WASHINGTON – Four senior U.S. State Department officials resigned after an independent review board determined their operational responsibility for "grossly inadequate" security when Islamic militants killed four Americans at the U.S. Consulate in Benghazi, Libya, reports the Los Angeles Times.

Among them is Eric Boswell, the assistant secretary for diplomatic security. A State Department spokeswoman says Secretary of State Hillary Clinton has accepted "Eric Boswell's decision to resign."

Charlene Lamb, a deputy assistant secretary responsible for embassy security and another unnamed person in the diplomatic security bureau, officials said, also resigned.

Raymond Maxwell, a deputy assistant secretary who oversaw Libya, Algeria, Tunisia and Morocco in the Bureau of Near Eastern Affairs, is believed to be the fourth official. Resignation is a very rare move in the U.S. State Department, veteran diplomats told the Los Angeles Times.

According to Voice of America, these officials were held responsible by the independent inquiry for failing to provide security for the U.S. compound in Benghazi, which came under attack on September 11.

An unclassified version of the report, which was released on Tuesday, cited “leadership and management” deficiencies, poor coordination among officials and “real confusion” in Washington. However, the report did not blame Secretary of State Hillary Clinton. The panel’s chair, retired Ambassador Thomas Pickering, said it had determined that responsibility for security shortcomings in Benghazi belonged at levels lower than her office, reports Reuters.

The assault carried out by a group of Islamist led to the death of Ambassador Christopher Stephens. He was the first U.S. ambassador killed in the line of duty since 1988. Three other American government personnel were killed in the assault.

The U.S. ambassador to the UN, Susan Rice, was heavily criticized for initially describing the attack as a "spontaneous reaction" to protests near the U.S. Embassy in Cairo. At the time, protests were held all across the Muslim world to condemn the anti-Islam movieTheInnocence of Muslims.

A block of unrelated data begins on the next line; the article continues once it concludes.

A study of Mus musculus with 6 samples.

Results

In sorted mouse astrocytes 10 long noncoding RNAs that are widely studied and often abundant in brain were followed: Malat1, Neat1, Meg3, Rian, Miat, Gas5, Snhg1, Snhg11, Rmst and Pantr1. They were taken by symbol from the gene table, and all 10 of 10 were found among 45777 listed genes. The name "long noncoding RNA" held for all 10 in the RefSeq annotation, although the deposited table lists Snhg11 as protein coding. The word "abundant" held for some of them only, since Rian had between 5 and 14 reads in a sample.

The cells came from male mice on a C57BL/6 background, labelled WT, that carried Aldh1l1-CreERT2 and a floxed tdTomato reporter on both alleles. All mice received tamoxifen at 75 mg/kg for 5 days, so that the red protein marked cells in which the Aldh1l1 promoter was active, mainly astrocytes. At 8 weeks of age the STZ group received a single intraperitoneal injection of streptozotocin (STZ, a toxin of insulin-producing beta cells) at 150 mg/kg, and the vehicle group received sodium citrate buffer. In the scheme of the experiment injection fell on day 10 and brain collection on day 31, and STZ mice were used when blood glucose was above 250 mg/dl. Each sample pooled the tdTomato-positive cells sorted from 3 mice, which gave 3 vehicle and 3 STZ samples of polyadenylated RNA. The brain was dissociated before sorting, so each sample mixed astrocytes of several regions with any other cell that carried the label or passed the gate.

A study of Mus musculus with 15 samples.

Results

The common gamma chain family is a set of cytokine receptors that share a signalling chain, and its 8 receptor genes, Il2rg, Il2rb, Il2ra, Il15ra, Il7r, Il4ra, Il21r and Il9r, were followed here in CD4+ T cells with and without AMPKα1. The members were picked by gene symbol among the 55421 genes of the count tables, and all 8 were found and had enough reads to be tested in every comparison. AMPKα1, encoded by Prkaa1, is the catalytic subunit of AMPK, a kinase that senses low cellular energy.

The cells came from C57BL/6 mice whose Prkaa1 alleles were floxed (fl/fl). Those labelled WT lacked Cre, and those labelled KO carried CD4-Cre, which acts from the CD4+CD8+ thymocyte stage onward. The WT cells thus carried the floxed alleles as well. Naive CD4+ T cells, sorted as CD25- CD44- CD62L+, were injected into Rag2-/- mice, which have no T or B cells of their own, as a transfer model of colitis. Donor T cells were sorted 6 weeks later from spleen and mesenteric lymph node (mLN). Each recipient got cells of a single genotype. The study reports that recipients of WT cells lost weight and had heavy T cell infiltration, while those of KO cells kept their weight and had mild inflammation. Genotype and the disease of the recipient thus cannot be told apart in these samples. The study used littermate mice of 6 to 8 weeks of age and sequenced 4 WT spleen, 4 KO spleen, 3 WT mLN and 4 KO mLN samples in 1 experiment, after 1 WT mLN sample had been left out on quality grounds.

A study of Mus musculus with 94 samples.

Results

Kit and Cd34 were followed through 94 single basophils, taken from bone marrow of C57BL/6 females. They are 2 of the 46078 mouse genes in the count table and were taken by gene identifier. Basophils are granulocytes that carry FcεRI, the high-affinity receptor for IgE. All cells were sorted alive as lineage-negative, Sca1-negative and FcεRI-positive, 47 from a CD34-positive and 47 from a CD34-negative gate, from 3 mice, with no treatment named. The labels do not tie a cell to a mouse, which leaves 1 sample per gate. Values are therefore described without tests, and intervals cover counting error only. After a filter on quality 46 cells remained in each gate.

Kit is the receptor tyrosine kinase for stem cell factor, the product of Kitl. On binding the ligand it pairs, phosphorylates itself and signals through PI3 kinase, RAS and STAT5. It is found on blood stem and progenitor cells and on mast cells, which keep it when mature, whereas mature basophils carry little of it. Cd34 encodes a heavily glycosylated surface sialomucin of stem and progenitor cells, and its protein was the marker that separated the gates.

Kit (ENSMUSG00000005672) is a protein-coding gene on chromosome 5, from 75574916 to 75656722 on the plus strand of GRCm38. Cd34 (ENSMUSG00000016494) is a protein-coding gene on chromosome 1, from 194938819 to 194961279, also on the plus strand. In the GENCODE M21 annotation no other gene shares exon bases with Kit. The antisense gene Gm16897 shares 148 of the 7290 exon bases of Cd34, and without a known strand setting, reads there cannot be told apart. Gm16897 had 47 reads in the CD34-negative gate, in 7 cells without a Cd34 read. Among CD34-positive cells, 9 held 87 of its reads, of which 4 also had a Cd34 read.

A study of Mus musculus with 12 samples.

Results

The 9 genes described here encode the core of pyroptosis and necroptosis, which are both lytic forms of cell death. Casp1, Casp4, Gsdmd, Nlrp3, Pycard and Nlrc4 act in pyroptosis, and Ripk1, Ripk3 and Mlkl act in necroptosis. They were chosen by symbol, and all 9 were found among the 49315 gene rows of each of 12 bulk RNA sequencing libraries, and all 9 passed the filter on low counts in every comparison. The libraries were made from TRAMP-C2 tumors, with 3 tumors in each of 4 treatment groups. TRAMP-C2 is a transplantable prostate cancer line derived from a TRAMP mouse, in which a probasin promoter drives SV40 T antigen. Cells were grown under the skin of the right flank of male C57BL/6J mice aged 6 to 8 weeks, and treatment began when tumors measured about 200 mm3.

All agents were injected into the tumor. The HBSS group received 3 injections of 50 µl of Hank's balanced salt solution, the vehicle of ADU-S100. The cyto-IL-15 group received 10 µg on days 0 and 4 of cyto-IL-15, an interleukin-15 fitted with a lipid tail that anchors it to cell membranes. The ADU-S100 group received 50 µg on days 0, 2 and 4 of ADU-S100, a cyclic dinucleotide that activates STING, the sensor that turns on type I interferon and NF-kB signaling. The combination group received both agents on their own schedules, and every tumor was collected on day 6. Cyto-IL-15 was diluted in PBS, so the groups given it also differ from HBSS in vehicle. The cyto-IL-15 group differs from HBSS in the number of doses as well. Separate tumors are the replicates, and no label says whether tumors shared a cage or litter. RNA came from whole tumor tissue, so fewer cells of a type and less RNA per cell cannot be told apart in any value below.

After Abbas: Here Are The Three Frontrunners To Be The Next Palestinian Leader

Israel and the West have often asked: Where is the Palestinian Mandela? The divided regimes between Gaza and the West Bank continues to make it difficult to imagine the future Palestinian leader. Still, these three names are worth considering.

Photo of Mahmoud Abbas speaking into microphone

Abbas is 88, and has been the leading Palestinian political figure since 2005

Thaer Ganaim/APA Images via ZUMA
Elias Kassem

Updated Dec. 5, 2023 at 12:05 a.m.

Israel has set two goals for its Gaza war: destroying Hamas and releasing hostages.

But it has no answer to, nor is even asking the question: What comes next?

The government of Prime Minister Benjamin Netanyahu has rejected the return of the current Palestinian Authority to govern post-war Gaza. That stance seems opposed to the U.S. Administration’s call to revitalize the Palestinian Authority (PA) to assume power in the coastal enclave.


The Palestinian Authority, which administers much of the occupied West Bank, was created in1994 as part of the Oslo Accords peace agreement. It’s now led by President Mahmoud Abbas, who succeeded Yasser Arafat in 2005. Over the past few years, the question of who would succeed Abbas, now 88 years old, has largely dominated internal Palestinian politics.

But that question has gained new urgency — and was fundamentally altered — with the war in Gaza.